For the 100th anniversary of International Women’s Day, here’s a clip from my 1972 film, “His/story” (which I made as a student in Germany) about the legendary German socialist and feminist, Clara Zetkin, and her visit to the Soviet Union in 1920.
The preceding years had seen unprecedented struggle by women throughout the world, including in the US. In 1910, at an international socialist women’s congress in Copenhagen, Clara Zetkin proposed an annual women’s day to demand legal and political equality and the right to vote.
The first International Women’s Day was on March 19, 1911. Millions of women marched in Germany, Denmark, Austria, and Switzerland. This resounding success that was followed, only a week later, by the tragic ‘Triangle Fire’ in New York City took the lives of more than 140 young Italian and Jewish immigrant garment workers. Clara Zetkin (orig. Clara Eissner, 1857 – 1933) already looked back on a lifetime of struggle on behalf of working women.
She had grown up in a peasant village in Saxony and studied to become a teacher. As a student in Leipzig, she became active in the women’s, labor, and socialist movements and met the Russian revolutionary, Ossip Zetkin, whom she followed into exile in Zurich and Paris after he was banned in Germany. She had two sons with Ossip, who died in 1889.
That same year she played a key role in the founding of the Socialist International in Paris. In 1890, Clara returned to Germany and settled in Stuttgart, working as a translator. From 1891 until 1917, she was the editor of “Equality,” the women’s newspaper of the German Social Democratic Party. Clara broke with the Social Democratic Party after it supported Germany’s entry into World War I.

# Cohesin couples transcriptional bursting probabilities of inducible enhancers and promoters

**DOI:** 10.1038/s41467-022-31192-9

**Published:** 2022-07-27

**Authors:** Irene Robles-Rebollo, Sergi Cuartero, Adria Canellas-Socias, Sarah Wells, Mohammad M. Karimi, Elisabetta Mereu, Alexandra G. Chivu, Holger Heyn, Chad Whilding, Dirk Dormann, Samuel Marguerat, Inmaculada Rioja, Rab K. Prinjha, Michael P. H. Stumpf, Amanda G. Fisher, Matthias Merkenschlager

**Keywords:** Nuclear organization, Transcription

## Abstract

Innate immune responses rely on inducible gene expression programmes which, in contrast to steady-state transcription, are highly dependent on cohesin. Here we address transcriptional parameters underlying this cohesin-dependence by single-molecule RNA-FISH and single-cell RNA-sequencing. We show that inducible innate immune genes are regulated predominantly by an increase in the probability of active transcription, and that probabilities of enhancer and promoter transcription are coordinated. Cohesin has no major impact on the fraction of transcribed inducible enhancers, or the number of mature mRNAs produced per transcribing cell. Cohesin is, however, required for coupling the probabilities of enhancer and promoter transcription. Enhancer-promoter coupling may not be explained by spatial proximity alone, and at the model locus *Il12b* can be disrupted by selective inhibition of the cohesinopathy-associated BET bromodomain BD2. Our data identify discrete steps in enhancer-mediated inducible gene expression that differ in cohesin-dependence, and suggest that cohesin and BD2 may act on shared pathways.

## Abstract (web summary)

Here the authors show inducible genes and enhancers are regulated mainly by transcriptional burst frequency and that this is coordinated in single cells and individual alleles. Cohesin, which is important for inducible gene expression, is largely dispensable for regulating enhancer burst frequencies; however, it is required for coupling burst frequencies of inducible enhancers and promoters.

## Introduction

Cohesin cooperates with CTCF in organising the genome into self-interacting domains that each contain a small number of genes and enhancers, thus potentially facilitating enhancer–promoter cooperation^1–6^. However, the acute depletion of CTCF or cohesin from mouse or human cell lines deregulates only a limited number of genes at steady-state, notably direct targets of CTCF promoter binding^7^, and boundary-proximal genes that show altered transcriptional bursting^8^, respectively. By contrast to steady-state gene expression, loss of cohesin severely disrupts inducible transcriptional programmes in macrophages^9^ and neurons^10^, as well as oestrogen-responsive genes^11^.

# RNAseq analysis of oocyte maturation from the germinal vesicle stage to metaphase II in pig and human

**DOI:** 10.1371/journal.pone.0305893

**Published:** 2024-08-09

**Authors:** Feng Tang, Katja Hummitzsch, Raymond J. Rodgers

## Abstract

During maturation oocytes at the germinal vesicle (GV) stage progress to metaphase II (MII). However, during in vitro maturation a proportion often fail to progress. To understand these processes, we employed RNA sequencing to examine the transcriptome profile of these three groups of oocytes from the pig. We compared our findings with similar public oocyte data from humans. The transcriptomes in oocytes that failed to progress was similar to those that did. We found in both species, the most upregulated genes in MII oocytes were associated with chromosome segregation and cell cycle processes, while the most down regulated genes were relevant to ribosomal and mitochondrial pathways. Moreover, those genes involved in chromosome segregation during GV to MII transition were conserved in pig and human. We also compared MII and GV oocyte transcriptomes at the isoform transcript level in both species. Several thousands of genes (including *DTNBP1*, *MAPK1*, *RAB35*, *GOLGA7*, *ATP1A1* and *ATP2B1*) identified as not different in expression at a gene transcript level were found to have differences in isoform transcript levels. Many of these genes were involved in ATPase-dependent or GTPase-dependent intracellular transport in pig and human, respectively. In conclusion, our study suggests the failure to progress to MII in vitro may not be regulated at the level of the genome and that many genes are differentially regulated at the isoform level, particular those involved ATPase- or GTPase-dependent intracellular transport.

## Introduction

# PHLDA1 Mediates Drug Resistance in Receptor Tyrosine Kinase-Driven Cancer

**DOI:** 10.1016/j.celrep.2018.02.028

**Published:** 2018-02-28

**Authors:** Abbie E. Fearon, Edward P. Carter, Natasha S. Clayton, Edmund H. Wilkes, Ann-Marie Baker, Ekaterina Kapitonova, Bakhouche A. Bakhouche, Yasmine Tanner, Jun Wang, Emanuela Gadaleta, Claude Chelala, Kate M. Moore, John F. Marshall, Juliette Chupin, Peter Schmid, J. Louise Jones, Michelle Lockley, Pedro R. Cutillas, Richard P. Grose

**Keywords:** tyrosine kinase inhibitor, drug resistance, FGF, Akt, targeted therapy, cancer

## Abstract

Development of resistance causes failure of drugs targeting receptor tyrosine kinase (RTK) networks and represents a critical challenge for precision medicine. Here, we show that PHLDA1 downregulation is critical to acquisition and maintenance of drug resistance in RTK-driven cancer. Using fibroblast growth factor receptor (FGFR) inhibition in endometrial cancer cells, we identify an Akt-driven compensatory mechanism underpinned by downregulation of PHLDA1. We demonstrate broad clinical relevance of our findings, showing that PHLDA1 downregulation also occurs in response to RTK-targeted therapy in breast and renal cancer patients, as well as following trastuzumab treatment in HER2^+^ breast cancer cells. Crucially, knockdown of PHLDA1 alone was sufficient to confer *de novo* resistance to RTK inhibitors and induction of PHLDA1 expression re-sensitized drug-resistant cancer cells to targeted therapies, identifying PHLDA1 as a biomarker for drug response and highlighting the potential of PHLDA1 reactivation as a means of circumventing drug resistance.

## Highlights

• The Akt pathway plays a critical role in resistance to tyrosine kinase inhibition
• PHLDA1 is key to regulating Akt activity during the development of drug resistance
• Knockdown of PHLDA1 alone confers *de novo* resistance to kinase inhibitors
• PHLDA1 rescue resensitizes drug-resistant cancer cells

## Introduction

She was arrested several times during World War I because of her anti-war activities. In 1916, she joined with dissident Social Democrats, including her good friend, Rosa Luxembourg, in forming the Spartacist group, a precursor of the German Communist Party.
From 1920 to 1933, during the Weimar Republic, she was an elected representative of the Communist Party to the German Reichstag.
When Hitler took power, she was again forced into exile.
She died in the Soviet Union in 1933 and was buried there.
The Nazis banned International Women’s Day and instead promoted Mother’s Day each May. After the Nazis were defeated, International Women’s Day was again celebrated in Germany as it is throughout the world.
A clip from the 1972 film, “His/story” (which
Elsa Rassbach made as a student in Germany) about the legendary German socialist and feminist, Clara Zetkin, and her visit to the Soviet Union in 1920.